Journal of scientists, physicists, mathematicians, engineers, inventors, nature, biology, technology, animal kingdoms, and science projects.
Kids to 12
| Carl Sagan's COSMOS is one of the most influential science programs ever made.
Q. Does the moon have a dark side?
A. The moon does have a far side which is impossible to see from the earth, but it doesn't mean that it's always dark. Each side of the moon is dark for no longer than 15 days at a time.
Q. Where does sound come from?
A. The air is always filled with sound waves. All things give off vibrations, but some have a low frequency which most cannot hear. The reason: it may take 3 minutes to make a single vibration. They may be caused by earthquakes and storms.
Did You Know?
The microwave was invented after a researcher walked by a radar tube and a chocolate bar melted in his pocket.
Coke-a-Cola was originally green.
Rubberbands last longer when refrigerated.
Ring Tailed Cat - Raccoon Family
by Laney Stanford
The ring-tailed cat territory ranges from Mexico to California. The tawny type is common throughout Texas, except for the open plains. The ring-tailed cat has been called the civet cat, bassarisk, mountain cat, and the raccoon fox. The American Ring-tailed Cat is distinguished from other mammals of North America by its long tail and overall general appearance. Its closest relative is the raccoon, which is much larger, but with a shorter tail. The name of Civet Cat is a misnomer, since civet cats are only found in the Old World, but it became a local name.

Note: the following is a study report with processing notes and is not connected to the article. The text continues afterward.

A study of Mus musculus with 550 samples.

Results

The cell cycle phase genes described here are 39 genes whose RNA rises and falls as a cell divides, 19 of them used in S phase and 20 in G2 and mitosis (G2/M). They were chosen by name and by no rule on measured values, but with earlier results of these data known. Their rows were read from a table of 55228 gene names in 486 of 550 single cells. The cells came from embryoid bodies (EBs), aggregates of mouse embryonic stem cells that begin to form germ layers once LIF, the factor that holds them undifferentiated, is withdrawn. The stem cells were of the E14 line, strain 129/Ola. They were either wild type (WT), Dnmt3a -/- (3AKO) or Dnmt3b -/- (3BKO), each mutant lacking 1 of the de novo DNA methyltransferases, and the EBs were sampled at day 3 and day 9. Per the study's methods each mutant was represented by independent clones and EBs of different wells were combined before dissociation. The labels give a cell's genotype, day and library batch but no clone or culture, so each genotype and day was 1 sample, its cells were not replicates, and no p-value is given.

The ring-tail has several related species within the family. The American Ring-tailed Cat is Bassariscus astutus astutus, and lives in areas of California, Arizona, Texas, and New Mexico. The California Ring-tailed Cat is Bassariscus astutus raptor,living in California and Oregon. The California is darker with less gray than the others, and the rings on its tail are broader. The Oregon Ring-tailed Cat is Bassariscus astutus oregonus, living in Oregon with a very black rear end and patches of brownish-yellow coloring. The Texas Ring-tailed Cat is Bassariscus astutus flavus, naturally living in Texas. It's smaller with a blackish and tawny color. Its tail is often completely encircled by black rings.
The Ring-tail is smaller than a house cat, having a slender build and a long tail with black rings alternating the white rings. Their nose area is pointed and the ears are large. Adult males and females do not vary much in color or size. The male is usually about thirty inches long, the tail being about fifteen inches, and a body weight of around two and one-half pounds. The female is only slightly less in her measurements. They usually live only in the cliffs and rocks, but can be found in mesquite, chaparral, and cactus plains of the southern section of Texas.
Coming out at night, they prowl along the cliff ledges, going from one cave to the next. Their pawprint patterns resemble those of a house cat. Not fearing to steal when hungry, they have been known to take wood rats and white-footed mice caught in the traps of people seeking a collection. Little is known of their habitat and relationships, since most business is conducted in the darkness. The male is considered to be hot-tempered, but the female is known to be gentle and quiet. Their facial expressions and features bespeak of beauty and intelligence.
Ring-tailed cats live on small rodents, insects, including the centipede, birds, and fruit. They live in nests that are lined with moss in the hollow of trees. When bearing young, the mother will normally give birth to three or four with each litter. They make good household pets, since they are easily tamed, and some say they are better for catching mice than a house cat. They have reportedly cleared out all rats from a cabin dwelling.
1. Anthony, H. E. and McSpadden, J. Walker. Animals of America: "Mammals of America." Garden City Publishing Co., Inc.: Garden City, NY 1937
kakmisl , small New World mammal, genus Bassaricus, related to the raccoon. There are two species, one found in Mexico and the SW United States, the other in Central America.
On one of my happiest days we trapped a ring-tailed cat. Our mammalogy class had set out on a field trip.